Trade Research Institutions in Asia-Pacific: Capacity-Building Needs in Developing countries
Short-Term Study No. 1 - November 2005
Hing Vutha, Larry Strange and K.A.S. Murshid


The Cambodia Development Resource Institute (CDRI) is pleased to publish its study on Trade Research Institutions in Asia-Pacific: Capacity-Building Needs in Developing Countries, completed in 2005. This is the first publication emerging from CDRIís partnership with ARTNeT, the Asia-Pacific Research and Training Network on Trade, an initiative of the United Nations Economic and Social Commission for Asia and the Pacific (UNESCAP), with support from the International Development Research Centre (IDRC), Canada.

CDRI has been an enthusiastic founding member of ARTNeT since its establishment in 2004. ARTNeT is an innovative and effective model for the promotion of collaboration and capacity building between research institutes in the Asia-Pacific region. This is particularly important for institutes in least developed countries (LDCs) like Cambodia, which have much to gain from research collaboration and information sharing with other, stronger, institutes in the region, and from the regular trade research skills training opportunities for its researchers offered by ARTNeT through the combined resources of UNESCAP, IDRC and UNCTAD.

The lead researcher and writer of this study was Mr Hing Vutha, a researcher in CDRIís Economy, Trade and Regional Cooperation Programme, with input and assistance from myself and CDRIís former research director, Dr K.A.S. Murshid. The study produced several important findings about the nature of the capacity-building needs of research institutes dealing with trade in the region. One important finding concerns the nature of effective capacity building itself; namely, to be really effective, capacity building must be based on careful and genuine needs analysis, tailor-made to institutional and individual needs. Such a process is complex, long term and resource intensive, and the experts involved must have the proven capacity to transfer skills and build capacity in different cultural and institutional environments. For LDCs such as Cambodia, capacity building must also be designed to meet the needs of government trade officials, who are often poorly resourced in reliable policy-relevant research that can underpin complex trade policy making and negotiations. The Cambodia case study included here provides more detail on these issues.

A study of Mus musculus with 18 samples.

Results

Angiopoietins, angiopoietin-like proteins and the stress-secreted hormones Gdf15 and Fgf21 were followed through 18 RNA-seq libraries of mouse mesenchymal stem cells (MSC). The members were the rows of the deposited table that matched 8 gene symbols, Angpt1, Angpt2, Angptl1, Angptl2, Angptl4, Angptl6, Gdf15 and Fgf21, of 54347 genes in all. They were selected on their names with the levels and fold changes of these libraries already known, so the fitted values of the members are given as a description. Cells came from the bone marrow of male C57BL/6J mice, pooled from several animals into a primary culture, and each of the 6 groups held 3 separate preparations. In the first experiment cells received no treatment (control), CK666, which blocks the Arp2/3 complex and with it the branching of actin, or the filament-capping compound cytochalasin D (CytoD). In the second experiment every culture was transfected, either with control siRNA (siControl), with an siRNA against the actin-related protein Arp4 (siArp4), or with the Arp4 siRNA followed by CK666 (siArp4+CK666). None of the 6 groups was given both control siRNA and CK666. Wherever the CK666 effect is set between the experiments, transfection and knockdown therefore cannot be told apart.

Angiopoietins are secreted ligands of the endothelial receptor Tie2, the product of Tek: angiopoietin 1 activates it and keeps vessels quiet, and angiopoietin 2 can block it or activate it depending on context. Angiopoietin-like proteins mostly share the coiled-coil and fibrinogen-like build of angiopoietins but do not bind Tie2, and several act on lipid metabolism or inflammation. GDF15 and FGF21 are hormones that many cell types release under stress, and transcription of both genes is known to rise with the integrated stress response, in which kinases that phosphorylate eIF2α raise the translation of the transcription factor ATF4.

CDRI would like to express its appreciation to all the research institutes that participated in the study as well as to our colleagues in ARTNeT and the Trade and Investment Division of UNESCAP for their critical feedback and support. CDRI would especially like to thank our colleagues in Cambodiaís Ministry of Commerce for their input concerning the needs of government trade policy makers and negotiators. We look forward to a continuing productive future partnership with ARTNeT and its member institutes.

Larry Strange

Executive Director CDRI

March 2006

Executive Summary

The informal meeting of core Asia-Pacific Research and Training Network on Trade (ARTNeT) research institutions organised by UNESCAP and IDRC in June 2004 in Bangkok highlighted the need for capacity building of research institutions from least developed countries in the region. However, little research or information is available on what the needs of these research institutions are, their existing trade research capacity and how this varies across countries. This study sets out to address the following key issues: What are the existing trade research capacities of research institutions in LDCs and low-income developing countries in the Asia-Pacific region? What are their capacity-building needs in trade policy research?

Research institutions in the Asia-Pacific region have good capacities in trade research in terms of education, experience and skills. Research institutions in LDCs have less capacity than those in developing countries, and research institutions in countries with lower per capita GDP have less capacity than those in countries with higher per capita GDP. In addition to some skill limitations, research institutions commonly face various impediments in conducting trade research of high quality and policy relevance. These range from lack of funding and trade data to lack of links with trade research institutions in other countries and limited availability of relevant IT hardware and software. It is also generally recognised that research institutions need to develop further professional capacity in trade research. Such needs range from long-term trade research training programmes to long-term access to technical advisers and trade experts and wider access to trade data and literature.

The responses to these needs have varied from technical and financial support to institutional collaboration. The most dynamic and helpful programme for capacity development in trade research would be a long-term and ongoing training programme. In addition, other significant capacity building measures in trade research are: greater financial assistance and support for trade-related research; more lasting partnership programmes with governmental institutions, research institutions, development agencies and academia; long-term access to trade experts; and greater institutional facilitation and coordination to manage specialised research networks.

Much greater resources need to be devoted to supporting capacity development in trade research, especially for institutes in post-conflict LDCs like Cambodia, whose research institutions are inadequately equipped with human and capital resources, capacities and skills, whose policy makers remain relatively weak, and whose research has limited linkage with policy making.